It is no news that crypto is making its way into mainstream finance, becoming increasingly popular and widely adopted. Unsurprisingly, traditional finance players are showing resistance to such a revolutionary asset type.
In recent weeks, there has been plenty of media attention as regulators in the US seek to increase scrutiny over stablecoins. They have become something of a sensation, with growth ballooning 500% in the last year, reaching a market cap of $127 billion, according to Reuters. New research has shown that stablecoins were used in $1.77tn of transactions in the second quarter of 2021.
What are stablecoins?
Stablecoins were designed to address the extreme volatility and fluctuation of the cryptomarket. To do this, stablecoin issuers peg the value of their coins against an asset or fiat currency, most commonly the US dollar. Unlike other cryptocurrencies, stablecoins are more centralised as they are linked to an entity that ensures off-chain collateral stability.
The most famous stablecoins are those used for trading on crypto exchanges, such as Binance USD, Coinbase’s USD coin and Bitfinex’s Tether, which usually rank among the top five highest market caps for cryptocurrencies.
As stablecoins tend to be less volatile, they can provide new investors with a sense of security and safer exposure to the crypto market.
In broader terms, stablecoins can be seen as the first step into the crypto universe, as they are used to facilitate crypto trade: Instead of buying Ethereum directly with fiat currency, most users will exchange fiat for a stablecoin in an exchange, then proceed to buy other coins with it.
While the main function of stablecoins is to serve as intermediary currency between fiat and crypto, that is not its only capacity. Stablecoins can also be used for lending and remittances, which adds a lot of user value, especially in developing countries with high rates of inflation and financial instability.
Crypto adopters in Latin America have embraced stablecoins as a way to hold value in dollars without being exposed to currency depreciation, said Bitso CEO Daniel Vogel to Coindesk. According to Vogel, pandemic-related uncertainty has spurred this trend and increased the number of stablecoin users in the region.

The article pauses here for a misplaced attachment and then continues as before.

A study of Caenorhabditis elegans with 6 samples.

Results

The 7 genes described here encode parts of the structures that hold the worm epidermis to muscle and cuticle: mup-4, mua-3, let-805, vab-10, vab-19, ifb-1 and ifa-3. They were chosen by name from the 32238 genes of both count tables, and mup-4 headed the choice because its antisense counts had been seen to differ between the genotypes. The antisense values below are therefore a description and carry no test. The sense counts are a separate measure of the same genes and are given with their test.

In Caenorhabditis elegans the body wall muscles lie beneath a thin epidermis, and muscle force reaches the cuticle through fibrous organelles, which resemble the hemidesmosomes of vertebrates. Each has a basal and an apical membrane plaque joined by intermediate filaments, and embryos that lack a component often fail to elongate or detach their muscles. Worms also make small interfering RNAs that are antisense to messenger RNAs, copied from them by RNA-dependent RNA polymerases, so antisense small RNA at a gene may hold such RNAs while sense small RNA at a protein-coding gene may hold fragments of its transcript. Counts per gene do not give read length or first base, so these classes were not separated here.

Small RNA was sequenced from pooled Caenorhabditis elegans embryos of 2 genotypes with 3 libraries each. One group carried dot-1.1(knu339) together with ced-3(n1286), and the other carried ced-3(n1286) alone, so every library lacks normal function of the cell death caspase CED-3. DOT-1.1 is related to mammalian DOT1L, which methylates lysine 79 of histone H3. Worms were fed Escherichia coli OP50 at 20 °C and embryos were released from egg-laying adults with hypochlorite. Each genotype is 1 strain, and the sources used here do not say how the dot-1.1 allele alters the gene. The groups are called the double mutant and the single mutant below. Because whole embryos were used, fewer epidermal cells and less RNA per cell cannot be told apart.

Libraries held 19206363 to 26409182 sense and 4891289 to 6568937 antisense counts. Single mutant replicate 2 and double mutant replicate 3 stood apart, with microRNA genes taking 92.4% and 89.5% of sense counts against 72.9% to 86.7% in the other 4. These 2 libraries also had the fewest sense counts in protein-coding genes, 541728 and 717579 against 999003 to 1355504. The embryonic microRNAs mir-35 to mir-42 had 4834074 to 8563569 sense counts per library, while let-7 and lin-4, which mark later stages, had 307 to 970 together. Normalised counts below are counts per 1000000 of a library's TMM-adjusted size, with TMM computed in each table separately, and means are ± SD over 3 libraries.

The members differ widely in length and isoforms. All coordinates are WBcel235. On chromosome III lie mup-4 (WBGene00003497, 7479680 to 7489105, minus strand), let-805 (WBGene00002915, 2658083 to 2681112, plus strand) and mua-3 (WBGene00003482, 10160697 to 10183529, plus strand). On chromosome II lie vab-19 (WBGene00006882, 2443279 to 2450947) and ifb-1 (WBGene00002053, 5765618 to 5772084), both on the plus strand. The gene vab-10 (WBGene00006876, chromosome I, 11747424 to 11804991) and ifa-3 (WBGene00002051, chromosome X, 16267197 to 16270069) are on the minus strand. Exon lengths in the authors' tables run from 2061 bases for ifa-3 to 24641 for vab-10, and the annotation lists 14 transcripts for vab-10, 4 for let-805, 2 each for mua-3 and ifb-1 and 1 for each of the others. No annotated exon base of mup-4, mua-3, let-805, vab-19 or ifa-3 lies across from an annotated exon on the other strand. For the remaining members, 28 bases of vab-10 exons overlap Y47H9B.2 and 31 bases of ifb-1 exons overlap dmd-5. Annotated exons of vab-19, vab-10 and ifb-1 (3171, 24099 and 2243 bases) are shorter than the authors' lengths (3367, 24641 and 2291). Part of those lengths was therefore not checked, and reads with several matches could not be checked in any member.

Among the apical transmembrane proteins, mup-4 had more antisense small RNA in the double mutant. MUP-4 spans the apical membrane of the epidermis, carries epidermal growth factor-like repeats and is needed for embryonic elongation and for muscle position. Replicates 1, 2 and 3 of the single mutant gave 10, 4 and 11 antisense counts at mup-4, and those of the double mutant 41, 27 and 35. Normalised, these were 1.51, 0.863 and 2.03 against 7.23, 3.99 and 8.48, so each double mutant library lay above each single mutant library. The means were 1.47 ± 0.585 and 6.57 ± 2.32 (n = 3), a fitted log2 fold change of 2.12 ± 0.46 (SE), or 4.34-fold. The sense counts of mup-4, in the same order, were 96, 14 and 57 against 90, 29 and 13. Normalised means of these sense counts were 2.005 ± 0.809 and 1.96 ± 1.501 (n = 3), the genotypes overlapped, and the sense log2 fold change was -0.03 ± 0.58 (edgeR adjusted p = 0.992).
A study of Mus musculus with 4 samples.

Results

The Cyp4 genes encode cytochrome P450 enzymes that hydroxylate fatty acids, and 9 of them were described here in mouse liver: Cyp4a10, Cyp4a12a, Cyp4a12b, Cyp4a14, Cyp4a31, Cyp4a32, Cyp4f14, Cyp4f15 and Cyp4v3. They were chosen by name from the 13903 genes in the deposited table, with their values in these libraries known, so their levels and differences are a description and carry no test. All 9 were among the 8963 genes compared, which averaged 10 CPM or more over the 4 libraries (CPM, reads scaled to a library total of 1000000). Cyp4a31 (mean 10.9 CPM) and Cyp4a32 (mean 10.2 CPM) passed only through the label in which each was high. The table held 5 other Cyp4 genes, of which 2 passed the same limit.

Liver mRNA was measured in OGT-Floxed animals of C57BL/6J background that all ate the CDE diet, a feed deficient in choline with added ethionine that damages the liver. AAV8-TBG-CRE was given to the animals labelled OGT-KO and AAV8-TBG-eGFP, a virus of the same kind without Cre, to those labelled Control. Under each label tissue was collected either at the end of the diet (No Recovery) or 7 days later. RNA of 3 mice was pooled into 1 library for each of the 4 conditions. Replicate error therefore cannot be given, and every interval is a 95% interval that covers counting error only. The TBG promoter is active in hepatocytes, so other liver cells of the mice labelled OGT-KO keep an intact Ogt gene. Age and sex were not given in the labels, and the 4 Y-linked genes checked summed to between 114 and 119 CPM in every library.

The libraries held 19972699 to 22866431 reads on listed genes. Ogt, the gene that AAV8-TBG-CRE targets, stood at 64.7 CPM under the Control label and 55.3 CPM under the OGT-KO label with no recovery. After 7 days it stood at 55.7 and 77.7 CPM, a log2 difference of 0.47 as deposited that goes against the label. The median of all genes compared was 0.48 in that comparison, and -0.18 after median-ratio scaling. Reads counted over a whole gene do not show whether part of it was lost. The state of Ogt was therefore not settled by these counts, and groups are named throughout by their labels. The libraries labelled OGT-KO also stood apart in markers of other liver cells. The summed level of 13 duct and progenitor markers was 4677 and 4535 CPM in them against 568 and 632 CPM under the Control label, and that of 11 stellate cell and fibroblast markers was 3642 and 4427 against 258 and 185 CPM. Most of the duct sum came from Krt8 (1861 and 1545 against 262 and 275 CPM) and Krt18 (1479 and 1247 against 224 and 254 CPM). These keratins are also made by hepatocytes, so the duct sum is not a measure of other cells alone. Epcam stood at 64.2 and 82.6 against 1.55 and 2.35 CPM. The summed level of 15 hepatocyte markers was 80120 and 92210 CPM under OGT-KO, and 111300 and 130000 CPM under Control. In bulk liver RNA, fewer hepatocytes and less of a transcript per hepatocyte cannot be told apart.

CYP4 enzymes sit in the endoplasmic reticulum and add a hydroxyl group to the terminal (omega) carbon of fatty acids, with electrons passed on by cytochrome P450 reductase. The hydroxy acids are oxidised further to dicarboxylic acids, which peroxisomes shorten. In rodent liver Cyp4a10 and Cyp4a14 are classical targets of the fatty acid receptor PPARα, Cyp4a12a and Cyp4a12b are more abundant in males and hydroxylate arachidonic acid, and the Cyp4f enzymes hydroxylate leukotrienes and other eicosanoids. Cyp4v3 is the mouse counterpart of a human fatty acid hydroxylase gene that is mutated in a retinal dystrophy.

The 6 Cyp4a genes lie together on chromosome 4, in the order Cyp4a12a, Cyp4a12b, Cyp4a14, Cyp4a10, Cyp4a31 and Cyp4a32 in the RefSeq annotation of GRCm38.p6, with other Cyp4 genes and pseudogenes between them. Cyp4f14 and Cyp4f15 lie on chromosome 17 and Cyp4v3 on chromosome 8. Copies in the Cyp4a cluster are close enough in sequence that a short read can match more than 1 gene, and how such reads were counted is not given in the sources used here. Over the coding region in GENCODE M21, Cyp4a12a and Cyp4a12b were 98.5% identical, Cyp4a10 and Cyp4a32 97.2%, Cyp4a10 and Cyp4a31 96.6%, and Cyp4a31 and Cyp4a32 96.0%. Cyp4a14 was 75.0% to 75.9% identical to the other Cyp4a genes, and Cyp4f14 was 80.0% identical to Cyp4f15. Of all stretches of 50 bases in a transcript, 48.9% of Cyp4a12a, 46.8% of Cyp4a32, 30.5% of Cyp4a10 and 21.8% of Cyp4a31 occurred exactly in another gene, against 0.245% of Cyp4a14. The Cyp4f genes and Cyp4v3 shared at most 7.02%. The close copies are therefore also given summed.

Stablecoins vs CBDC?
Central bank digital currencies (CBDC) are another type of digital coin attracting recent attention. The Bank of England (BoE) announced in November that it is already studying and exploring opportunities for a centralised digital currency. During the next year, BoE will consult with industry experts and analysts about the benefits and risks of a UK-based CBDC.
While stablecoins and CBDC may sound similar, there are important differences, especially with regards to their governance. Firstly, a CBDC has a strong institutional nature. It is a fully regulated and centralised currency, very much like the traditional fiat currencies, but in a digital form built on blockchain technology. The central bank will still retain full monopoly over the monetary system, and control aspects related to issuing, exchange and governance.
This means that CBDCs are a lot less revolutionary than the truly decentralised cryptocurrencies; they are a way for authorities to extend their control over finance in the digital world.
Stablecoins, on the other hand, are somewhat centralised but are neither regulated (as of yet) nor controlled by financial institutions. In most cases, stablecoin governance is determined by the crypto exchange, used mostly to facilitate trading for users.
Watch our latest #FinancialFox episode "Regulating the new finance: Stablecoins, CBDCs and digital assets" with Charles Dhaussy, Managing Director Asia-Pacific region at ConseSys. A discussion about the role of stablecoins, CBDCs and if regulation can be beneficial or damaging for crypto.